Ancient Monuments

History on the Ground

This site is entirely user-supported. See how you can help.

Bowl barrow 260m SSE of the southern corner of Moll Harris's Clump: one of a group of round barrows on Porton Down

A Scheduled Monument in Winterslow, Wiltshire

We don't have any photos of this monument yet. Why don't you be the first to send us one?

Upload Photo »

Approximate Location Map
Large Map »

If Google Street View is available, the image is from the best available vantage point looking, if possible, towards the location of the monument. Where it is not available, the satellite view is shown instead.

Coordinates

Latitude: 51.1184 / 51°7'6"N

Longitude: -1.6857 / 1°41'8"W

OS Eastings: 422093.588142

OS Northings: 135501.360494

OS Grid: SU220355

Mapcode National: GBR 624.SRF

Mapcode Global: VHC37.Q4PZ

Entry Name: Bowl barrow 260m SSE of the southern corner of Moll Harris's Clump: one of a group of round barrows on Porton Down

Scheduled Date: 5 March 1996

Source: Historic England

Source ID: 1014096

English Heritage Legacy ID: 26758

County: Wiltshire

Civil Parish: Winterslow

Traditional County: Wiltshire

Lieutenancy Area (Ceremonial County): Wiltshire

Church of England Parish: Idmiston with Porton Gomeldon St Nicholas

Church of England Diocese: Salisbury

Details

The monument includes a ditched bowl barrow, one of the most northerly
surviving examples within a scattered group of at least seven round barrows
which straddles a shallow coombe on Porton Down. The barrow, which lies on a
shallow south east facing slope, has a mound 21m in diameter and 0.8m high.
Immediately adjacent to the mound on its northern side are traces of a ditch
c.2m wide. Elsewhere around the mound this will survive as a buried feature.
Beyond the edge of the mound in those places where the ditch is not visible,
and most pronounced on the downslope (south east) side, is a level platform
c.5m wide.
The edge of this platform, the line of which reflects the curve of the barrow
mound, represents the overall extent of the barrow.
Excluded from the scheduling is the archaeological site marker on the south
side of the barrow, although the ground beneath it is included.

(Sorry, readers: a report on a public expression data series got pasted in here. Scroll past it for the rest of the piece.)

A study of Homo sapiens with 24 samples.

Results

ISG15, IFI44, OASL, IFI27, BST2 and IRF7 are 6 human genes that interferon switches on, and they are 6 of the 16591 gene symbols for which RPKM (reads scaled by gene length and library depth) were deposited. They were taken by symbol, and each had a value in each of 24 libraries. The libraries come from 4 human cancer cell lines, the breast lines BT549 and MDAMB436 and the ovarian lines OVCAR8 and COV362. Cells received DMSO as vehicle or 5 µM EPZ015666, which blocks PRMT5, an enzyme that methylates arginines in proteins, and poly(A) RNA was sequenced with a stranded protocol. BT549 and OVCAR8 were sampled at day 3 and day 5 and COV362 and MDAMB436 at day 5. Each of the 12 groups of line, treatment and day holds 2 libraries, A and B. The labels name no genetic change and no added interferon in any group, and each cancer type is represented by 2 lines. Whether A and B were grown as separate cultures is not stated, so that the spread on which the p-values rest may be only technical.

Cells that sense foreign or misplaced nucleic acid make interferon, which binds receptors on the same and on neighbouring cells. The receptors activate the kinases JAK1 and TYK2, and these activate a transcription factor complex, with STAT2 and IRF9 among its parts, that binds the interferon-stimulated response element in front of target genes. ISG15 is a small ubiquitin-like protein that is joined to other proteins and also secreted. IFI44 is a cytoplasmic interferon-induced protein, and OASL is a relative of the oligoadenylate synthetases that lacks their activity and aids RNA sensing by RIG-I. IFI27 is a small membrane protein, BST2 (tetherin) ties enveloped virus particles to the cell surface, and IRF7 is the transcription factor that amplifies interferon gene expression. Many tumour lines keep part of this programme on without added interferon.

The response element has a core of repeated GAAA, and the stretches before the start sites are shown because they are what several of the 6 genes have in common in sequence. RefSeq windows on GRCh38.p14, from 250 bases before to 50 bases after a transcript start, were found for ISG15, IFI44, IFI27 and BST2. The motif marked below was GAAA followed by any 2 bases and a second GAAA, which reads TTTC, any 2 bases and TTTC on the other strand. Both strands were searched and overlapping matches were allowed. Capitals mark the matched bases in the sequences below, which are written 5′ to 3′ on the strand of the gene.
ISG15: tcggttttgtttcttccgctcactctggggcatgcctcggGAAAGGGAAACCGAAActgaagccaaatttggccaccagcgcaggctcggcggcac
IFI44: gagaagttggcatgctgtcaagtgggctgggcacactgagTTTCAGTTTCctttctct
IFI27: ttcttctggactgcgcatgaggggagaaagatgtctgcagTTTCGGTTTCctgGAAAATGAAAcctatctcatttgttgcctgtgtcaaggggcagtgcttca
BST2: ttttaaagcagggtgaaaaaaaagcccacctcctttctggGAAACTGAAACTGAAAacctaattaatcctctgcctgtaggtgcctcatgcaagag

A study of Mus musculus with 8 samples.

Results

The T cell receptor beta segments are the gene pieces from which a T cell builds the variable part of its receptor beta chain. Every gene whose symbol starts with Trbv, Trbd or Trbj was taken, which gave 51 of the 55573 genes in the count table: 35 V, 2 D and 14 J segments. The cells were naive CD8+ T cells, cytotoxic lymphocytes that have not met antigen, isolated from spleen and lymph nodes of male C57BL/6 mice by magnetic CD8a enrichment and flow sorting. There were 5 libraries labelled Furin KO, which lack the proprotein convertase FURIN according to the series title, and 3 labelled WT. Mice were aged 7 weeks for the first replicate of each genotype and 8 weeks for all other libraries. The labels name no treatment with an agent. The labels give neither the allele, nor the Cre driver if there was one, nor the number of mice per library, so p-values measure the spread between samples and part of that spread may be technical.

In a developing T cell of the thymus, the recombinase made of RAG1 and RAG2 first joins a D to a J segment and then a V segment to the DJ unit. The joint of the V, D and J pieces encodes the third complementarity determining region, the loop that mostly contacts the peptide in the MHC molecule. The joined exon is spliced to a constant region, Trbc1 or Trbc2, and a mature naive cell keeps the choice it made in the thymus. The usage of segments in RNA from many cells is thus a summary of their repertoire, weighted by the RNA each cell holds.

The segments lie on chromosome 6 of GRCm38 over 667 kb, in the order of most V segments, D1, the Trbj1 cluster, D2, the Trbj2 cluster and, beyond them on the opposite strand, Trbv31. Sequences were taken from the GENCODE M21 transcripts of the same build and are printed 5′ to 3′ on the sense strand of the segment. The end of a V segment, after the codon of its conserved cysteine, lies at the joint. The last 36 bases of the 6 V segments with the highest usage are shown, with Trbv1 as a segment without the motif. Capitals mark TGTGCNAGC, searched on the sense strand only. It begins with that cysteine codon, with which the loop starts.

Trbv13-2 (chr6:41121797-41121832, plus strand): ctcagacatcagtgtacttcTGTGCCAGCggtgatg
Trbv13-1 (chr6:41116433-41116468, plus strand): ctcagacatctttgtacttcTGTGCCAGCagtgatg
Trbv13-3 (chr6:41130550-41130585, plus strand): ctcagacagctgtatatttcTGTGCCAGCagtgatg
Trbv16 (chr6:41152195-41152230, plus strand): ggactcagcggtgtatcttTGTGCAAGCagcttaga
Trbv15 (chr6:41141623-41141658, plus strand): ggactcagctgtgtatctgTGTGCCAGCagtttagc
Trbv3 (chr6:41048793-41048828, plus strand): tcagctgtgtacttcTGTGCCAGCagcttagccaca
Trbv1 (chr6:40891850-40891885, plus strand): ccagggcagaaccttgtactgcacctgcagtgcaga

MAP EXTRACT
The site of the monument is shown on the attached map extract.
It includes a 2 metre boundary around the archaeological features,
considered to be essential for the monument's support and preservation.

Source: Historic England

Reasons for Scheduling

Since 1916 the Porton Down Range has been used for military purposes. As on
the Salisbury Plain Training Area, this has meant that it has not been subject
to the intensive arable farming seen elsewhere on the Wessex chalk. Porton, as
a result, is one of very few surviving areas of uncultivated chalk downland in
England and contains a range of well-preserved archaeological sites, many of
Neolithic or Bronze Age date. These include long barrows and round barrows,
flint mines, and evidence for settlement, land division and agriculture.
Bowl barrows, the most numerous form of round barrow, are funerary monuments
dating from the Late Neolithic period to the Late Bronze Age, with most
examples belonging to the period 2400-1500 BC. They were constructed as
earthen or rubble mounds, sometimes ditched, which covered single or multiple
burials. They occur either in isolation or grouped as cemeteries and often
acted as a focus for burials in later periods. Often superficially similar,
although differing widely in size, they exhibit regional variations in form
and a diversity of burial practices. There are over 10,000 surviving bowl
barrows recorded nationally (many more have already been destroyed), occurring
across most of lowland Britain. Often occupying prominent locations, they are
a major historic element in the modern landscape and their considerable
variation of form and longevity as a monument type provide important
information on the diversity of beliefs and social organisation amongst early
prehistoric communities. They are particularly representative of their period
and a substantial proportion of surviving examples are considered worthy of
protection.

The bowl barrow 260m SSE of Moll Harris's Clump is a comparatively well
preserved example of its class. Despite some erosion caused by burrowing
animals, it exhibits a largely original profile. The barrow will contain
archaeological remains providing information about Bronze Age beliefs, economy
and environment.

Source: Historic England

Other nearby scheduled monuments

AncientMonuments.uk is an independent online resource and is not associated with any government department. All government data published here is used under licence. Please do not contact AncientMonuments.uk for any queries related to any individual ancient or schedued monument, planning permission related to scheduled monuments or the scheduling process itself.

AncientMonuments.uk is a Good Stuff website.